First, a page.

Some primates can change their accent to avoid conflict with other groups, according to a new study. The researchers investigated the behavior of 15 groups of tamarins in the Brazilian Amazon, and found that one species adopts the calls of another species to improve communication in shared territory.
Focused on pied tamarins and red-handed tamarins, the study is the first to identify this behavior in primates.
Pied tamarins are critically endangered and have one of the smallest ranges of any primate in the world, while red-handed tamarins are found throughout the northeastern Amazon.
The study revealed that when groups of red-handed tamarins enter shared territory, they adopt the long calls used by the pied tamarins. The experts believe this behavior is used to avoid territorial disputes over resources.
“When groups of tamarins are moving quickly around mature Amazonian forest it can sometimes be difficult to tell the species apart, but during our research we were surprised to discover they also sound the same in the areas of the forest they cohabit,” said study lead author Tainara Sobroza of the Instituto Nacional de Pesquisas da Amazonia.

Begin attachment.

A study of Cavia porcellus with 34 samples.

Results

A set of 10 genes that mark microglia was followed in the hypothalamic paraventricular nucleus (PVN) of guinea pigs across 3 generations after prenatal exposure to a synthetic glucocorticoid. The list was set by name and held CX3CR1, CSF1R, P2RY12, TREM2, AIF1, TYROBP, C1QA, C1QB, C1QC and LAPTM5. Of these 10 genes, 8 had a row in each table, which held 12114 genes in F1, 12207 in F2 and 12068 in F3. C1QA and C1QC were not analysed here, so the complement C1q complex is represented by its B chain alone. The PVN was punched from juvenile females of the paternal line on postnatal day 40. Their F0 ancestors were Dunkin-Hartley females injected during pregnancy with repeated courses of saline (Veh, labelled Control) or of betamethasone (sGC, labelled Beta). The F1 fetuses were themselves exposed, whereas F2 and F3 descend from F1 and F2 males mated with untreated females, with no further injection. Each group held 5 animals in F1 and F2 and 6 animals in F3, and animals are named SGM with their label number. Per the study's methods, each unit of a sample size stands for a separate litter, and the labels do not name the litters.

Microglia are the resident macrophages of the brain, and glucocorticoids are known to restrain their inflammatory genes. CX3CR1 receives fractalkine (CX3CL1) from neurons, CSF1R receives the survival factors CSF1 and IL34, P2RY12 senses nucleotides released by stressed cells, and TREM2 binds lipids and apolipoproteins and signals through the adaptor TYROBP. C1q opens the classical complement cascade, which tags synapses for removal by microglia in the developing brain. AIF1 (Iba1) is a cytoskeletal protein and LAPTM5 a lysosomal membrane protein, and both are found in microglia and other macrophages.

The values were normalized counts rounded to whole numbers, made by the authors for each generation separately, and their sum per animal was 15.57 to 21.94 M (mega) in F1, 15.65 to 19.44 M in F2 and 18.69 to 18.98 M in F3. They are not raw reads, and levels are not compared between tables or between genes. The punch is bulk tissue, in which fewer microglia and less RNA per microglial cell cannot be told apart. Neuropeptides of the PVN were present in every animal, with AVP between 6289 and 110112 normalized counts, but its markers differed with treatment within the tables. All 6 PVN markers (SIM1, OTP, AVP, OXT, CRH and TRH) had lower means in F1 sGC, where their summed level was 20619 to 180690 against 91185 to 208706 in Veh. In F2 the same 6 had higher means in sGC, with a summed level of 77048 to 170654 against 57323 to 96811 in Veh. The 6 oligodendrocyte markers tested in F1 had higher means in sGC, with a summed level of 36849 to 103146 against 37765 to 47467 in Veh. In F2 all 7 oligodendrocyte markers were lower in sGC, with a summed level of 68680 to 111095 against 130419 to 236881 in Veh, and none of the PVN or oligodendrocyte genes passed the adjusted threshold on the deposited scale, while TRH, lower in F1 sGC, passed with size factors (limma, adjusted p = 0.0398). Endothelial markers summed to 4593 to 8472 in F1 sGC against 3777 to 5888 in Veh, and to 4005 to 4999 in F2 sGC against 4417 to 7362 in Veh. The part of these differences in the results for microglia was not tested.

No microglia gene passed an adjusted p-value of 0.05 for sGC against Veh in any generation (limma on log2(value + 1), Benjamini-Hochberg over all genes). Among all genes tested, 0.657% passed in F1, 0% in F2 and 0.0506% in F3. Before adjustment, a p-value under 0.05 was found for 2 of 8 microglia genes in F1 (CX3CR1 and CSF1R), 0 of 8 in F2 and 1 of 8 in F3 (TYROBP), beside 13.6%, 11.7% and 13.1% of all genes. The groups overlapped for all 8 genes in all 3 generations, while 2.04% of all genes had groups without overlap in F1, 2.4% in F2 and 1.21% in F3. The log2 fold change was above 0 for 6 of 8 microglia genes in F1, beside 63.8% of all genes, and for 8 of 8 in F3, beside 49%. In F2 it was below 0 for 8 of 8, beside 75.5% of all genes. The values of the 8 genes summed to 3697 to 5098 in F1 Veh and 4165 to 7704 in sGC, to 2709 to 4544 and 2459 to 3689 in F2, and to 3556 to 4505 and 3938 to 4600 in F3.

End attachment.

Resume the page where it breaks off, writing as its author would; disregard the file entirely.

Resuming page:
“We found that only the red-handed tamarins change their calls to those of the pied tamarins, and this only happens in places where they occur together. Why their calls converge in this way is not certain, but it is possibly to help with identification when defending territory or competing over resources.”
Study co-author Dr. Jacob Dunn is an associate professor in Evolutionary Biology at Anglia Ruskin University (ARU).
“We have long known that when closely related species overlap in their geographic ranges, we are likely to see interesting evolutionary patterns. One famous example is the Galapagos finches, studied by Darwin, whose beaks evolved to specialise on different foods on the islands to avoid competition,” said Dr. Dunn.
“In some cases, rather than diverging to become more different from one another, some closely related species converge to show similar traits. Our study is the first to show asymmetric call convergence in primates, with one species’ call becoming the ‘lingua franca’ in shared territories.”
“Because these tamarin species rely on similar resources, changing their ‘accents’ in this way is likely to help these tiny primates identify one another more easily in dense forest and potentially avoid conflict.”
The study is published in the journal Behavioral Ecology and Sociobiology.